Life Stage Gift Planner™
Under Age 45
At this stage in life, some of the financial issues you may find yourself dealing with are:
- Increasing income
- Managing debt
- Accumulating assets
- Starting discretionary savings programs
- Long-range planning for retirement and emergencies
- Establishing a growth strategy for investments
- Creating a simple will and estate plan providing for heirs and bequests to charity
For the charitably inclined, certain types of gifts can provide solutions to taxing problems:
Cash, check, and credit card
A gift of cash is easy to make, and the gift is not subject to gift or estate tax. A contribution of cash or by a check that is postmarked in December is deductible for that tax year—even if RISD receives it in January—provided the account against which the check was written had sufficient funds to cover it in December. A contribution by credit card must be made by December 31 in order to be deductible for that tax year.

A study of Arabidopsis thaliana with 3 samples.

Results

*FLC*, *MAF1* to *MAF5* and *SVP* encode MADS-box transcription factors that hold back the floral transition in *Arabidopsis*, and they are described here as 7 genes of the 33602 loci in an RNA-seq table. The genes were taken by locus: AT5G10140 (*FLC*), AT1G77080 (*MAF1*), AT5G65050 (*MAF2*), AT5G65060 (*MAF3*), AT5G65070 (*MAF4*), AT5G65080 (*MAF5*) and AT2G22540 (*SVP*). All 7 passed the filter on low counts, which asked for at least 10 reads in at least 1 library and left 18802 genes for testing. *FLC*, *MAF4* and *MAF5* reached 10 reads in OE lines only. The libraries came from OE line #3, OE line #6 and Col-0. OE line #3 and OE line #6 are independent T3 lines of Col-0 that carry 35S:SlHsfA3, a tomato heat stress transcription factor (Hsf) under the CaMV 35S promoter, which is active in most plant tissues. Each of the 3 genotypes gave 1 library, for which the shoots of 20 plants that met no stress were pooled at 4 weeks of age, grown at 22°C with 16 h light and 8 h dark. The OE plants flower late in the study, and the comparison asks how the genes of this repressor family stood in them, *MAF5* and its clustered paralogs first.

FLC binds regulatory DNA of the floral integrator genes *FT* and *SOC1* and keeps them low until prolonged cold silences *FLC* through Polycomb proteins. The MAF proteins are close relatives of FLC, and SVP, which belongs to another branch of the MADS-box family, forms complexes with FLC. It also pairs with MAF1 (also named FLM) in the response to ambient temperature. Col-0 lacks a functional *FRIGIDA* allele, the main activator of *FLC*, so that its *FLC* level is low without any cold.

Gifts of appreciated securities
A charitable gift of long-term appreciated securities can provide a double benefit—an immediate income-tax deduction for the full fair-market value of the securities and the avoidance of capital-gain tax.
A gift of life insurance can be an excellent way to make a substantial gift on the installment plan, and if you irrevocably transfer full ownership of the policy to RISD, you are entitled to an income-tax deduction for each premium payment.
If you would like to make a substantial gift to charity but you do not have the current disposable income or assets to do so now, consider a charitable bequest.
It is quite likely that your retirement-plan benefits will be your single largest asset, and naming us as one of your beneficiaries can benefit your family and support your charitable intentions.